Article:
Some of Barbados’ most prominent criminal lawyers are questioning recent developments in the Magistrates’ courts that have landed locals and CARICOM nationals on remand after pleading guilty to breaching the country’s Covid-19 Directive.
Over the last week, a number of Barbadians including a father and son, a Guyanese businessman and two Guyanese shop owners were hauled off to Her Majesty’s Prison (HMP) Dodds pending sentencing. According to authorities, the rationale for the decision is to emphasize the “significance” of their offences, which range from hosting a ‘lime’ to operating a non-essential business.
The imprisonments have all occurred under EMERGENCY MANAGEMENT (COVID-19) (CURFEW) (NO. 4) DIRECTIVE, 2021, which imposes a fine of $50,000 or one-year imprisonment, or both, to anyone who fails to comply with the terms and conditions of the ongoing curfew.
Former president of the Barbados Bar Association Andrew Pilgrim Q.C. however argued that it is inappropriate to incarcerate persons “through the back door” in connection with summary offences. Summary offences refer to crimes which do not require the deliberations of a jury before a judgment is made. In most jurisdictions, such offences include traffic cases and minor drug offences.
“In my view, it is an abuse of power for you to remand people in custody whilst thinking about what to do with them in summary matters,” Pilgrim told Barbados TODAY.
“Summary matters are by definition supposed to be dealt with quickly. So to adjourn for a month without having to get a pre-sentencing report or any further information on the person, why would they be in prison?
“Is it that this period of imprisonment is not considered punishment or is it that you really want to sentence them for a month and then give them a break after that? If that is what you wanted to do, then sentence them to 28 days and let the Court of Appeal say if that is appropriate or not. I don’t like incarceration by the backdoor,” he concluded.
Some social media commentators and members of the public have spoken on the difference in treatment of matters involving tourists found guilty of breaching the terms and conditions of their quarantine – including one attempting to flee the country while positive for COVID-19.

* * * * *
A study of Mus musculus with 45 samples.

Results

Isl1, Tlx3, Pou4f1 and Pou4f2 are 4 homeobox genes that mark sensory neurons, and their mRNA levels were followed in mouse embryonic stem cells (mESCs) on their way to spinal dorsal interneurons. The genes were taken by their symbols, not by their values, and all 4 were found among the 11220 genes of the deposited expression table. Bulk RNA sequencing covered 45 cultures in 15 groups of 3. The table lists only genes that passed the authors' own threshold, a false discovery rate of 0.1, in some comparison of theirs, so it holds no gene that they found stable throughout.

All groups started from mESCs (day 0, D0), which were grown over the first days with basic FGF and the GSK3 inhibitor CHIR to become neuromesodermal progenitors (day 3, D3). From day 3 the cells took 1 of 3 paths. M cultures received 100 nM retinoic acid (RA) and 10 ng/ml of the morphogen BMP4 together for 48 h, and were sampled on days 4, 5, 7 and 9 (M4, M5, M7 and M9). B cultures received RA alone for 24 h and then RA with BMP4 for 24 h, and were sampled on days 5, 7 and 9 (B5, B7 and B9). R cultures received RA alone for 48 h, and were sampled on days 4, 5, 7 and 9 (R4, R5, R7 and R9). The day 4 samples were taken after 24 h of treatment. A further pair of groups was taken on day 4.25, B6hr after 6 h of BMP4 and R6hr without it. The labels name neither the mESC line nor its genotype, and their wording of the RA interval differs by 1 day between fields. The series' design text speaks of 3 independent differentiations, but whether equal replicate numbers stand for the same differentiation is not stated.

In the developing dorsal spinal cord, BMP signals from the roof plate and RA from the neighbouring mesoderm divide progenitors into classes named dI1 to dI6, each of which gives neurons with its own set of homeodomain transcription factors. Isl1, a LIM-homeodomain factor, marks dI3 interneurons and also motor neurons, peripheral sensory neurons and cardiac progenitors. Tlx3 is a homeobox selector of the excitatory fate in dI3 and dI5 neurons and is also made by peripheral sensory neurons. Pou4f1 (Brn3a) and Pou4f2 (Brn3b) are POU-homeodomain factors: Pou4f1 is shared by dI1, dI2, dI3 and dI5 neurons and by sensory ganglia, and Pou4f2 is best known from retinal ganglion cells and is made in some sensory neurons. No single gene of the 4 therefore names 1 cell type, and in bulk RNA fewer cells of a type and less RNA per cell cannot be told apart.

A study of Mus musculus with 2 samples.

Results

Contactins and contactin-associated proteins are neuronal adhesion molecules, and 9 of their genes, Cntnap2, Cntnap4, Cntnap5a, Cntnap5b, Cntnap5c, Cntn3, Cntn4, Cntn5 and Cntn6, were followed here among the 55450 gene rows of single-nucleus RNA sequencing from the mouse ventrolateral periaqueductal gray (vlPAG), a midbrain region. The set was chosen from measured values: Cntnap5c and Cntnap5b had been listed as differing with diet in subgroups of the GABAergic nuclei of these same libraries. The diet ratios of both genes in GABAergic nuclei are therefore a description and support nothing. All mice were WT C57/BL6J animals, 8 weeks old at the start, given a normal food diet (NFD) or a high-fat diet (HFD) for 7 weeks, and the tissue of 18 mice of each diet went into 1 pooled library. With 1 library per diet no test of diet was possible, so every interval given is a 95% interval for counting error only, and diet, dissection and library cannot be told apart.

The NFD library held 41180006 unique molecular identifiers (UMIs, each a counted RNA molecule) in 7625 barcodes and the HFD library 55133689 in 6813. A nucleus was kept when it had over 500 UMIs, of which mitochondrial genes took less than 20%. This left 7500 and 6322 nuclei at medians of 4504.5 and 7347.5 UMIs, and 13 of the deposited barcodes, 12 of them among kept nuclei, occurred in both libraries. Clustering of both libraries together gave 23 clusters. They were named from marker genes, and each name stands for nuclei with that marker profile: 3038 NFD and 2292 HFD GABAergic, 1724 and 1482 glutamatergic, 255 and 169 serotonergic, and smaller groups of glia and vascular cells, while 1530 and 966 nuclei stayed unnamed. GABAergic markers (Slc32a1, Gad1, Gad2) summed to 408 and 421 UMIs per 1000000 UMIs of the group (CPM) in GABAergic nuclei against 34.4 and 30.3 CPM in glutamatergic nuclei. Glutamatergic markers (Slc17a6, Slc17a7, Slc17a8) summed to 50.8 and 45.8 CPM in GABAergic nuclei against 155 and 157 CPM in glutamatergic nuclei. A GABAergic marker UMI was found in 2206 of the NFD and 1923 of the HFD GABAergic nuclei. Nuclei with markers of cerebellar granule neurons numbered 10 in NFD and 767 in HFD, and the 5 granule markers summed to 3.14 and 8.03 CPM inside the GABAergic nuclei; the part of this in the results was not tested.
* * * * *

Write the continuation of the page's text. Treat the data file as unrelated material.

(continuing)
According to criminal lawyer Michael Lashley Q.C., it is uncommon for first-time offenders to be denied bail in such circumstances.
In fact, he informed Barbados TODAY of his intention to make urgent applications for bail in the Court of Appeal on behalf of three persons including a Guyanese national who are imprisoned in a similar manner.
“The magistrate can exercise his discretion and once we as attorneys believed that he or she exercised their discretion unfavourably, then we go to the Court of Appeal and challenge it and I am prepared to do that,” he said.
Lashley added: “My opinion is that first-time offenders should be treated like first-time offenders and I respectfully do not believe that a prison term is the right way to treat a first-time offender and that is my view.”
Asked if there appears to be a difference in the treatment of locals and tourists in relation to COVID-19 breaches, Andrew Pilgrim replied: “It’s certainly starting to look that way, but that’s just my opinion.”
Fellow attorney Asante Brathwaite, however, was not so conservative with her critique as she argued that first-time offenders ought not to have been denied bail unless the magistrate intended to impose a custodial sentence.
“It might appear that what is good for the goose isn’t good for the gander. The law must be certain so that people can see that there is fairness across the board and there is not an uneven scale being meted out to citizens when compared with visitors,” Brathwaite told Barbados TODAY.
“So for the average citizen to see on one hand that visitors pleaded guilty after breaching their quarantine and probably placed people’s lives at risk, and they were given a fine. There was no resorting to remand. So why is it that we are remanding our own nationals? It seems unfair.
“These persons have no convictions before the court. If they are looking at a fine, they should fine you there and then. Other than that it looks like they are sending people up there just to teach them a lesson,” she added.